A new word is being used to describe the dangerous practice of texting while driving, comparing it to being drunk behind the wheel.

Mark Peterson, a spokesman for AAA-Iowa, says “intexticated” refers to the driver being distracted by a cell phone — and it can have deadly consequences.

“When you’re intoxicated, you’re consuming alcohol or a controlled substance, and many times that’s going to cause a crash,” Peterson says. “When you are texting or looking at the internet and you are using that electronic device in a manner that it is not meant to be used can cause someone to have a crash.”

A federal report finds nearly 3,000 people were killed and 400,000 were hurt in motor vehicle crashes involving distracted drivers in 2018. Peterson notes, looking away from the road for just two seconds doubles the risk of a crash. While cell phones are a big distraction, our vehicles themselves can be just as hypnotizing.

“If you buy a new car these days, some of the technology that’s available to you is unbelievable. There’s very little you can’t accomplish in a car,” Peterson says. “That’s going to take away from its primary purpose. So many times, you get involved with all this additional technology, it takes away from what they’re doing, driving, and paying attention.”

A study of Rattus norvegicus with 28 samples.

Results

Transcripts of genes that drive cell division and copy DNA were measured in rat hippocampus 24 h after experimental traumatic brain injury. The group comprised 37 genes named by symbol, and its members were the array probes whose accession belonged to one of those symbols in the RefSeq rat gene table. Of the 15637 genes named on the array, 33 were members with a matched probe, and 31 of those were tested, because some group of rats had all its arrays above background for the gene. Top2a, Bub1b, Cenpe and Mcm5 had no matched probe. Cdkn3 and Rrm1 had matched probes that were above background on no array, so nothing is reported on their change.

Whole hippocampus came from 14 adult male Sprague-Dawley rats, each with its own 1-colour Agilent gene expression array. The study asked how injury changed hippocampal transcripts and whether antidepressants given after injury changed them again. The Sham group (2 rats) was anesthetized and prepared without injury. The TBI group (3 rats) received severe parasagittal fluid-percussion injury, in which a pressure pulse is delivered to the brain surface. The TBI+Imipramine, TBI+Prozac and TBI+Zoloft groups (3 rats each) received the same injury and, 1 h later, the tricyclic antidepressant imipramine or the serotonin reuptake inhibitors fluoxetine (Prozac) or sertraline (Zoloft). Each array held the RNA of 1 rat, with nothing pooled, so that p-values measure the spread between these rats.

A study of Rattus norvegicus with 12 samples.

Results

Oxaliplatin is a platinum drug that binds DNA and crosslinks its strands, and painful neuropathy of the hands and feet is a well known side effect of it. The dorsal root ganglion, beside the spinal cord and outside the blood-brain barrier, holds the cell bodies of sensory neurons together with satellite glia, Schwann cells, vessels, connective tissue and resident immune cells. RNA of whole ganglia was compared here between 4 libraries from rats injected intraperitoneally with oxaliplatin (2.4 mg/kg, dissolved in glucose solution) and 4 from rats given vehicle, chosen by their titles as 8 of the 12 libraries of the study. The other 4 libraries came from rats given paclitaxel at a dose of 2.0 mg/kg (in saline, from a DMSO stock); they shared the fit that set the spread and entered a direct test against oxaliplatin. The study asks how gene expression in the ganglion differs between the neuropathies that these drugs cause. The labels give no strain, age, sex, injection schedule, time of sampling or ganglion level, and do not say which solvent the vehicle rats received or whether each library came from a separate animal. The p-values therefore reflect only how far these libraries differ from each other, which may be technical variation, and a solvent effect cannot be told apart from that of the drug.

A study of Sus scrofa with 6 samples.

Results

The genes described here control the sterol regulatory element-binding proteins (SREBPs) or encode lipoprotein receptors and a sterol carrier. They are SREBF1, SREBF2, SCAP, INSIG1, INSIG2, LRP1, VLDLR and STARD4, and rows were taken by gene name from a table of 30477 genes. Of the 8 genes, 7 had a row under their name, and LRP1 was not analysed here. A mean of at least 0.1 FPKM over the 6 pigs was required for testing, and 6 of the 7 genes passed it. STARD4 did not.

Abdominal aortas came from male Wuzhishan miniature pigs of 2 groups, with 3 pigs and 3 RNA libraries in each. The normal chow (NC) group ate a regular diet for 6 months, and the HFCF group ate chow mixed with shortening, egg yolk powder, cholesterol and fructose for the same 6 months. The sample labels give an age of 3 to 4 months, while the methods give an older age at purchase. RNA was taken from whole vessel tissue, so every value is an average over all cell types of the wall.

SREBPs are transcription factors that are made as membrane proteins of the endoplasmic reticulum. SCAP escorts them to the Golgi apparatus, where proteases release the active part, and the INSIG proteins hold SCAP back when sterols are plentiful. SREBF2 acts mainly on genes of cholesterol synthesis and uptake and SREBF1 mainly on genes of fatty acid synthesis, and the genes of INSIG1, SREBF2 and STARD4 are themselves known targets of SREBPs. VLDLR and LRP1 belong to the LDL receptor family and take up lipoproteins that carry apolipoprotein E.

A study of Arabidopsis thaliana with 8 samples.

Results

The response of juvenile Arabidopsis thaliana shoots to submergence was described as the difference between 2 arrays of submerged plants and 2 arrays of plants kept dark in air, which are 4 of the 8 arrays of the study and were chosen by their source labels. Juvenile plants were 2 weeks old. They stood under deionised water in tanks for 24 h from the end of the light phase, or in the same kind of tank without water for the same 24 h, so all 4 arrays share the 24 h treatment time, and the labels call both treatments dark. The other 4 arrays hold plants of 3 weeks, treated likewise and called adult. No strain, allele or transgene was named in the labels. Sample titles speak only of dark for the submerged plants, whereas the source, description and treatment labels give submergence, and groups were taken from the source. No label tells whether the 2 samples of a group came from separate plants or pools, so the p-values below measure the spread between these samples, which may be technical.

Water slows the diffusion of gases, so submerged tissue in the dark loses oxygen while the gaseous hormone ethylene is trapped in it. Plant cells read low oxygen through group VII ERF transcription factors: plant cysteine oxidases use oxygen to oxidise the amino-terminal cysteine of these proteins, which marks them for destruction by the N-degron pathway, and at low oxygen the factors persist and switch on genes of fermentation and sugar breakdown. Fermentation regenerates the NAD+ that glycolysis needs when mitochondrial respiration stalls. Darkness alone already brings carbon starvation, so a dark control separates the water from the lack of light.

Under Iowa law, any motorist using a cellphone for texting — reading, writing or sending — can be pulled over, unless the vehicle is at a complete stop and off the traveled portion of the road. He lists the top three distractions for drivers as:
“Number one is cell phone use, in-vehicle technologies, and actually one that doesn’t have to do with technology is just conversation and talking.”

Anything that takes a driver’s attention away from driving can result in a fatal crash, Peterson says, including eating and drinking, adjusting the navigation, or picking your next podcast. Nearly one-quarter of crashes that involved a distracted driver also involved the use of a smartphone.